In an article for BBC News Online, technology analyst Bill Thompson enthuses about all the new services using the Google Maps API but points out, and rightly so, that these services rely upon the goodwill of Google for their existence. Google retains the copyright over the information, in this instance mapping data, that these services utilise and could easily decide to stop the use of this data, or charge for it’s use, at anytime.
But this isn’t just a problem with Google Maps and other sites that make their data available to third party developers.
Whilst most of us think of the Internet as a public space, accessible to anyone who has a PC with the ability to connect to it, it is, in fact, one of the most privatised places in existence.
To go online, one must rely upon an ISP to provide them with a connection. With only rare exceptions, these ISPs are commercial organisations, primarily interested in making money from service subscriptions. Once you’re connected to the internet, you need a web browser, email programme, or other software to do what you want to do. This, again, is likely to be a commercial product although there are notable open source and/or freeware exceptions. When you type a URL into your browser, that request is sent to the Root DNS [ how it works ] servers maintained by private companies on behalf of the US Government which retains control over this vital part of the internet. If you don’t know the URL of the site you are looking for, you have to rely upon a search engine such as google to find it – giving them control over what you do, and don’t, find. Once a DNS server or search engine gets you where you want to go, that information is, more often then not, held on commercial web space. Even if it’s not, for example a university or government website, the site will still be paying someone, for example a telecommunications company, for the bandwidth they use.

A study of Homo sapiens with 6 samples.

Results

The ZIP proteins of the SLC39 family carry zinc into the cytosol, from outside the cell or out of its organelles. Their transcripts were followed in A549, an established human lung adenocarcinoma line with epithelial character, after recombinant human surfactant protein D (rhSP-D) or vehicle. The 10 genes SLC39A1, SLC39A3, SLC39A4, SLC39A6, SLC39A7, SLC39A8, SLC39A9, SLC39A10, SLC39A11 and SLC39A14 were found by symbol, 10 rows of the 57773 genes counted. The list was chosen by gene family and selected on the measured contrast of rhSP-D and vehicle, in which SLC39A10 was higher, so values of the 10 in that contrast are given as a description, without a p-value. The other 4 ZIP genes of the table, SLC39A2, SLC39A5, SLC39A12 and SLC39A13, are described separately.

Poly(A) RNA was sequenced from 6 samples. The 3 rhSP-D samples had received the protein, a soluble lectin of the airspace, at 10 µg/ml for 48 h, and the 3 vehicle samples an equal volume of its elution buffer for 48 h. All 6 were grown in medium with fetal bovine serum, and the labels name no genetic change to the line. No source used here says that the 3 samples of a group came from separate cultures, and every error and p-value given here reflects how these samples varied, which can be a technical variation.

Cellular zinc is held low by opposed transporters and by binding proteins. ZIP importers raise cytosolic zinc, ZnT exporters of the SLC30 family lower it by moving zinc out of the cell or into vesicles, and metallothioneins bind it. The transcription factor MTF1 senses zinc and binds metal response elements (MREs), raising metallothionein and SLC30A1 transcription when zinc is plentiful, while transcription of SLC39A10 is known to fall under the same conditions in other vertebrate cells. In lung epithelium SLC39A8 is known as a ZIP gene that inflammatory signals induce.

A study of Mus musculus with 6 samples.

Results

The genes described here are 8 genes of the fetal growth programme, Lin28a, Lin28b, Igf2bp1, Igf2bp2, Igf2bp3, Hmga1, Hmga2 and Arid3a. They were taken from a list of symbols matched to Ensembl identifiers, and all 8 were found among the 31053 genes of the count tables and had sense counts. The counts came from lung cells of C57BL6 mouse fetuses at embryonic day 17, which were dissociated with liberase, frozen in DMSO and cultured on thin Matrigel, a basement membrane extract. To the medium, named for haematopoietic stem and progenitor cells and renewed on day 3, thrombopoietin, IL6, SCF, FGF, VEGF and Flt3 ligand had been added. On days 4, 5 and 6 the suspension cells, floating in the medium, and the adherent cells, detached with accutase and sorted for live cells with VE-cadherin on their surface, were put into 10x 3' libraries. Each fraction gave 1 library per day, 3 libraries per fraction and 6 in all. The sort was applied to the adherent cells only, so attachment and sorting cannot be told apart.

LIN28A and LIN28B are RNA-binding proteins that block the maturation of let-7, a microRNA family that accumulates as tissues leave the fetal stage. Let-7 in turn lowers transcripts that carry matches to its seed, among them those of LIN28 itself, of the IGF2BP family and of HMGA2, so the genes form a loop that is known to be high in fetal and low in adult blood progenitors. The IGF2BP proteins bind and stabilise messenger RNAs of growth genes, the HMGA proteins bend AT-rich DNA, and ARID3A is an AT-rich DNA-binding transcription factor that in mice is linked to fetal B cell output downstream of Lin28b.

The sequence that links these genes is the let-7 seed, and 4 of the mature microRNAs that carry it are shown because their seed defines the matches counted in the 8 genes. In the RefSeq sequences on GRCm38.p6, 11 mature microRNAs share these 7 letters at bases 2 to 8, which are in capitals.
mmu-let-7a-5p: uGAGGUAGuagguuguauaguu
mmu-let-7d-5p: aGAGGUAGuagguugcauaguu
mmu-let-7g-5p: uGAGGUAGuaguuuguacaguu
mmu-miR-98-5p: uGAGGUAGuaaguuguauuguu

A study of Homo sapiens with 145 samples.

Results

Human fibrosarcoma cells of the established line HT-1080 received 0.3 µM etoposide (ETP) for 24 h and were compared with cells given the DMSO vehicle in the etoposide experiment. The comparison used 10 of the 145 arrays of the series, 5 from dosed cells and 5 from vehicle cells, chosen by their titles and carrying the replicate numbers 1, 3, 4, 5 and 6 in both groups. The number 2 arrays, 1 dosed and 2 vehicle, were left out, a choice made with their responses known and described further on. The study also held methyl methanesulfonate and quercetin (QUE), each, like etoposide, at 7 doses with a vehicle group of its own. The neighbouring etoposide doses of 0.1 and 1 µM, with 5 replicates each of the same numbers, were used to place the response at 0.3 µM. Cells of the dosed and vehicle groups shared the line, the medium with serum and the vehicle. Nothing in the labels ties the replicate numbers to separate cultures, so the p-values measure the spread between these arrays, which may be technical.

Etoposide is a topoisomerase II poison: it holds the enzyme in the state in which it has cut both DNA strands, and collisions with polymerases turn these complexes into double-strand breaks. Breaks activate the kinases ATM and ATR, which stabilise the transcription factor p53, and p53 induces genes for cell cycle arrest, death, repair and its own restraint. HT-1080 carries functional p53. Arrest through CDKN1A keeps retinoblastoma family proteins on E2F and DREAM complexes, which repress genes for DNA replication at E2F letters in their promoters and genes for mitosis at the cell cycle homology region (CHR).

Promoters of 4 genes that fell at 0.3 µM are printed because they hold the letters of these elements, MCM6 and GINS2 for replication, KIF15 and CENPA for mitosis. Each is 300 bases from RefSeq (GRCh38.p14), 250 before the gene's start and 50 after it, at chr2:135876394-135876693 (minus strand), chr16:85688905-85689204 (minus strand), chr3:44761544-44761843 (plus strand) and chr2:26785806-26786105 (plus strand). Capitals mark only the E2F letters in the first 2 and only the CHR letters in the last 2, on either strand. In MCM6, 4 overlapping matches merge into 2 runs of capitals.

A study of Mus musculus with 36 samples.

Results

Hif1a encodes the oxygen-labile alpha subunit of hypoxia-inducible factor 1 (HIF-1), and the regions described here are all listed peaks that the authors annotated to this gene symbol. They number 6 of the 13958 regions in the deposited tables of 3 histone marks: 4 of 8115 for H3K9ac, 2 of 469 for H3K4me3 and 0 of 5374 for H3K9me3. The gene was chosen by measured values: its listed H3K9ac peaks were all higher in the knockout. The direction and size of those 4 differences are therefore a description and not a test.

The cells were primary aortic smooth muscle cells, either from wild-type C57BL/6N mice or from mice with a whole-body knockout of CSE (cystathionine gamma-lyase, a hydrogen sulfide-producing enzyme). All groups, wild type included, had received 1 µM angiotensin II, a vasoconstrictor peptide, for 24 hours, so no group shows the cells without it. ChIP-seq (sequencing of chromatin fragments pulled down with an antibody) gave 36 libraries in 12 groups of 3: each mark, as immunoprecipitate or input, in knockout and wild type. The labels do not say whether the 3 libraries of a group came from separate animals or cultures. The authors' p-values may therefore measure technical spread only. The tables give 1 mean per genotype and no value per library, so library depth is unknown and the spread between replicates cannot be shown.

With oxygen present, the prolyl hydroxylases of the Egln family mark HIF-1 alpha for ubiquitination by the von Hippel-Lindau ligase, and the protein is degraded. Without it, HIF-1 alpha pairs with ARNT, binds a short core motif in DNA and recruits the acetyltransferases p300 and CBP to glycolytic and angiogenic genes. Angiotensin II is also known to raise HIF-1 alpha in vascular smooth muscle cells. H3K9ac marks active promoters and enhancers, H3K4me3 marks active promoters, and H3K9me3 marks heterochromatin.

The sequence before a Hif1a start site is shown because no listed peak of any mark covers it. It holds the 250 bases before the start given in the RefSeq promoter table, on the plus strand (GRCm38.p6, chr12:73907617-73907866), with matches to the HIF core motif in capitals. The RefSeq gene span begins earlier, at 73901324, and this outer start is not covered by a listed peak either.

So from the second you connect to the internet, you’re actually navigating through a plethora of corporately controlled, owned, and operated wires, routers, servers and sites.
The internet isn’t Speakers Corner in London’s Hyde Park, where anyone can turn up and have their say, it’s more like a concert with tickets available only through ticketmaster and simulcast on pay-per-view.
With the importance of the internet to private individuals and communities increasing all the time, isn’t it kind of scary that those who use the network, and who increase it’s value by doing so, don’t actually own or control it?